There have been few posts here about specific UPA cartoons, despite the recent DVD release of the Jolly Frolics cartoons. The reason is because Michael Sporn has been doing a tremendous job analysing them on his blog. He’s put in a lot of effort and it’s worth looking at his examples and reading what he has to say. Check out posts on “Rooty Toot Toot” HERE and HERE, “The Magic Fluke” HERE, “Georgie and the Dragon” HERE “The Tell Tale Heart” HERE and “The Man on the Flying Trapeze” HERE and HERE.
Michael’s work doesn’t leave much for me to offer. He can show you the cartoons from the point of view of an artist who understands the various facets of how they’re put together. About all I can do is make casual remarks as the presumed audience for the cartoons, though I keep getting the nagging impression that, eventually, UPA’s theatrical cartoons weren’t made for any viewer. They strike me as seven minutes of self-indulgence, allowing UPA staff members to tell each other what ground-breaking Artists (with a capital A) they were.
I can appreciate whimsy and charm as much as anyone. Perhaps one or both is what Bobe Cannon was going for when he crafted “Ballet-Oop” for UPA in 1954. But the end result is neither. It’s just boring.
Conflict? It’s been said Cannon hated it. But stories need conflict. Not only is there no conflict, there isn’t even a sense of urgency in a battle with the clock to get the kids ready for the ballet. Nothing builds. It just happens.
The first half of the cartoon is a bunch of drawings of ballet moves, mainly feet. The second half is a ballet itself, called “The Apple Blossom and the Grasshopper” which is narrated by a cartoon character in the crowd so we can understand what we’re seeing on the screen. Sounds like that dreaded illustrated radio to me.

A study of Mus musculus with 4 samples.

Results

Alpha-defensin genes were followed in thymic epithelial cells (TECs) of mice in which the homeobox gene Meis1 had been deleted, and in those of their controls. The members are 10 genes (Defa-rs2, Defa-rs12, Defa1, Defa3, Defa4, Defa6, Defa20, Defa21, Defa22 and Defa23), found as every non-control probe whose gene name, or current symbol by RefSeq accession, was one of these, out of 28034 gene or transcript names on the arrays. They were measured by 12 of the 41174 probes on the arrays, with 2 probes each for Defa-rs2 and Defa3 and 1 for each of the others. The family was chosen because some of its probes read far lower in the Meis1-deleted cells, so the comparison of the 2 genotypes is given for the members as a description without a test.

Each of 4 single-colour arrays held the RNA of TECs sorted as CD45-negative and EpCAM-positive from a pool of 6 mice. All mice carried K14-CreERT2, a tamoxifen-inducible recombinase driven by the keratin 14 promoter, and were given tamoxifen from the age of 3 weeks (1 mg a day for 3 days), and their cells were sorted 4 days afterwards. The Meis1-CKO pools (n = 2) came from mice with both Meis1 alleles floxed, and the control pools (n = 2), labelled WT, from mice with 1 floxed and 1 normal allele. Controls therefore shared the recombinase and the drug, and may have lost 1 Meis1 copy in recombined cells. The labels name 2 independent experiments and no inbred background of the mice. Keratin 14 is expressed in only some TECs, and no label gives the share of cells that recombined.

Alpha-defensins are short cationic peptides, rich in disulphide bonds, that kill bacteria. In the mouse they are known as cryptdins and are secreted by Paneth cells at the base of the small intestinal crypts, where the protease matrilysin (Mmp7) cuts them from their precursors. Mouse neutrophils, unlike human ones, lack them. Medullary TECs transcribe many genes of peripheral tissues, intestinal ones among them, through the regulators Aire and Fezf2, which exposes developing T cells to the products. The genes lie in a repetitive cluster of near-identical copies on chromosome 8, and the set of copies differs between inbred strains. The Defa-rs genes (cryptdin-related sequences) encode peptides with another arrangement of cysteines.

Ground-breaking? The studio had already made its own clichés by the time this short was out. It’s full of more spaghetti-limbed humans, like you saw in “Gerald McBoing Boing.”
If the studio could use wallpaper to indicate walls in the background, why not use a picture of someone’s hardwood floor to indicate a floor?
And if backgrounds dissolving around characters and characters dissolving around background worked in “Gerald McBoing Boing,” why not try it again? The background has just disappeared for awhile here and we get a black card. Interesting, Cannon staged part of the “Eep-Op-Ork” number on ‘The Jetsons’ at Hanna-Barbera with characters (and letters-as-characters) over a black card.
A jealous bee pounds her (it’s an all-female ballet) rear into a butterfly, who falls down. There are little sparkles. Such violence! Such animosity! Where’s the Television Action Council when you need it?
A curtain lifts on the ballet. I don’t know what effect Cannon and T. Hee were going for here.
Jules Engel was in charge of the colour selection in the cartoon, while the credited animators are Bill Melendez, Frank Smith and Tom McDonald.